Transitions aren't always so smooth. When Deborah Norville took over Jane Pauley's post on the "Today" show in 1989, she did so under a wave of speculation that her good looks and youth forced NBC to oust Pauley from her anchor chair too early. Viewers flooded the network with thousands of outraged phone calls and letters following the announcement that the then 39-year-old Pauley was ceding her spot to Norville after 13 years.
''If I'd been a 31-year-old man going on as news anchor, there wouldn't be nearly as much ink about this," Norville told The San Francisco Chronicle in 1989. "Are we saying that women can't share the same masthead on a publication or work in a law firm together? It's out-and-out sexism, and it denigrates the years I've spent trying to grow as a reporter."
''Jane and I are friends and, when you know the real story, it hurts to see the way it was depicted," she added.
For better or for worse and luckily for O'Brien, audiences seem to be more open to change when it comes to leading men and late-night TV. What follows is a comparison that O'Brien -- who depending on the day, likens himself to a leprechaun, a little girl and the female president of Finland -- would find laughable. Nevertheless: taking over "The Tonight Show" is kind of like becoming the new James Bond. Both gigs come with a sidekick (sure, Bond's are better looking), a killer wardrobe of suits, and of course, large legacies to live up to. Replace Sean Connery's name with Johnny Carson's and Pierce Brosnan's tale below rings true for O'Brien:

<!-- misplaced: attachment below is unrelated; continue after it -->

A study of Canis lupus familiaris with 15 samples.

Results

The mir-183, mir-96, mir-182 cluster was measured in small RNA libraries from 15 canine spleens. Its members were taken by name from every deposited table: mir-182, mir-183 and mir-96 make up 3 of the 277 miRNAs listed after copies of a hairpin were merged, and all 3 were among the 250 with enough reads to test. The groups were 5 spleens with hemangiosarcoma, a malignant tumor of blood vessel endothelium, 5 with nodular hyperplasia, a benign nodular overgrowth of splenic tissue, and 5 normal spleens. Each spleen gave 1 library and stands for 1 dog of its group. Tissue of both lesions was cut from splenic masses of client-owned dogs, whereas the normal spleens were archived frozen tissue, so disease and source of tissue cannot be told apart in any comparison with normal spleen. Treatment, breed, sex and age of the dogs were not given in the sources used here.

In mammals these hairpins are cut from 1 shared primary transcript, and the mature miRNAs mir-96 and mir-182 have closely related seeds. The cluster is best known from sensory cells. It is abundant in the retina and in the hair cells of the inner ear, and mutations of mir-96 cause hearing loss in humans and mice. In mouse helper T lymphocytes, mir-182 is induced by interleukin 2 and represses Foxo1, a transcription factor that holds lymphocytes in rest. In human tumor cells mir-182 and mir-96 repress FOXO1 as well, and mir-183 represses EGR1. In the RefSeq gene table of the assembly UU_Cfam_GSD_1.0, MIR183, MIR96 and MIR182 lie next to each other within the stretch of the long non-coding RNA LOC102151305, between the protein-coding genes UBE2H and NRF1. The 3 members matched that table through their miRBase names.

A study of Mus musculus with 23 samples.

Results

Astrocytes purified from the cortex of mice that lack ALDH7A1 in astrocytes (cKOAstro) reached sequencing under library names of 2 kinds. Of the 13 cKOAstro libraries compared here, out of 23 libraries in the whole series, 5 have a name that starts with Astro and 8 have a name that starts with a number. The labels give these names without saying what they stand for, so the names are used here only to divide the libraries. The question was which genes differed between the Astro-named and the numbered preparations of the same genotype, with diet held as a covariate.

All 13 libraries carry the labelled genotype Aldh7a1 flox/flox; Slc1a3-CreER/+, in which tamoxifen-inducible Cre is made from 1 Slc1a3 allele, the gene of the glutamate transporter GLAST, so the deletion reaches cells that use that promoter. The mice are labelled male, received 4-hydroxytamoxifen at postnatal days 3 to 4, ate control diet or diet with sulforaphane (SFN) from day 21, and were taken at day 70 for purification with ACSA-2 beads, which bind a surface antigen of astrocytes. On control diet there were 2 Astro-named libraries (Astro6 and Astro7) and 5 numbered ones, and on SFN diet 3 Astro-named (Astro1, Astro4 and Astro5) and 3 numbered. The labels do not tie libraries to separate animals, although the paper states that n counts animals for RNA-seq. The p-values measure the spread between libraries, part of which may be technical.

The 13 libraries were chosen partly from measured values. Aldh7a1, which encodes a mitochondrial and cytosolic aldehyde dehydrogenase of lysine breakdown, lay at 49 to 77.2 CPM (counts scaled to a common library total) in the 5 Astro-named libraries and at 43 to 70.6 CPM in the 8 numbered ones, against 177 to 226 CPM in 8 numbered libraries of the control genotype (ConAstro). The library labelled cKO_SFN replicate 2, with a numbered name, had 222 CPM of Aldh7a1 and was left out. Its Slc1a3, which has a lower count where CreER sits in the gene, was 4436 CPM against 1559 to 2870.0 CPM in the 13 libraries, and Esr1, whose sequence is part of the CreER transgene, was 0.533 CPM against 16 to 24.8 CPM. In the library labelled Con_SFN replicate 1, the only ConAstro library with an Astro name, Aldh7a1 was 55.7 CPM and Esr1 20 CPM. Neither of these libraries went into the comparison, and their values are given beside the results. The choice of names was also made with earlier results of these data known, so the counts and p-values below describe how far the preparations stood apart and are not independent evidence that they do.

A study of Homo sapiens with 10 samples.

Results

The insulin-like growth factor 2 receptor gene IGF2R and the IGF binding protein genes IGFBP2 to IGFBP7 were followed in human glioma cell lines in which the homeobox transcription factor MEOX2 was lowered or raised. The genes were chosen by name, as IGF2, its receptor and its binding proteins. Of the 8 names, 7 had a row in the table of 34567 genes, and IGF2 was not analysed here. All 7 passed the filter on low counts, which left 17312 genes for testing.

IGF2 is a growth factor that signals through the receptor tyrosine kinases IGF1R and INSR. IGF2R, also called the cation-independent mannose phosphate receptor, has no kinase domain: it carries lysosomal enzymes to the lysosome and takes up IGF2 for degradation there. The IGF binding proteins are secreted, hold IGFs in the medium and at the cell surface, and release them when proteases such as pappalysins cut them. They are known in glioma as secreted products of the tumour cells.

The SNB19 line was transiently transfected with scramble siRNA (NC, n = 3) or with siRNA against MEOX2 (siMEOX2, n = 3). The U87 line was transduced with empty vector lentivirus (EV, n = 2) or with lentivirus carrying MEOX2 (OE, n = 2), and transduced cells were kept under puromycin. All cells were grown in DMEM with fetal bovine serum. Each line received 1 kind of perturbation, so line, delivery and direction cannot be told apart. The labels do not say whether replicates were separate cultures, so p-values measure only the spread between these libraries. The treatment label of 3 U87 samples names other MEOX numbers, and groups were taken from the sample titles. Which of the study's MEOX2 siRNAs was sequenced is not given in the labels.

"I remember [Sean] Connery walking that walk more than 20 years ago," Brosnan said in 1995, on the eve of the release of his first Bond movie, "GoldenEye." He told The Orange County Register: "It's not something an impressionable young lad forgets, and Connery indeed casts a long shadow on this role. But you arrive on the set and you have to walk the walk. You can't think about Connery or [Timothy] Dalton. There's no getting away from it; you just have to do it. You have to trust yourself and know that you can do it. You're the man now. You're James Bond for a new generation."
ABC News Research's Melissa Lenderman contributed to this report.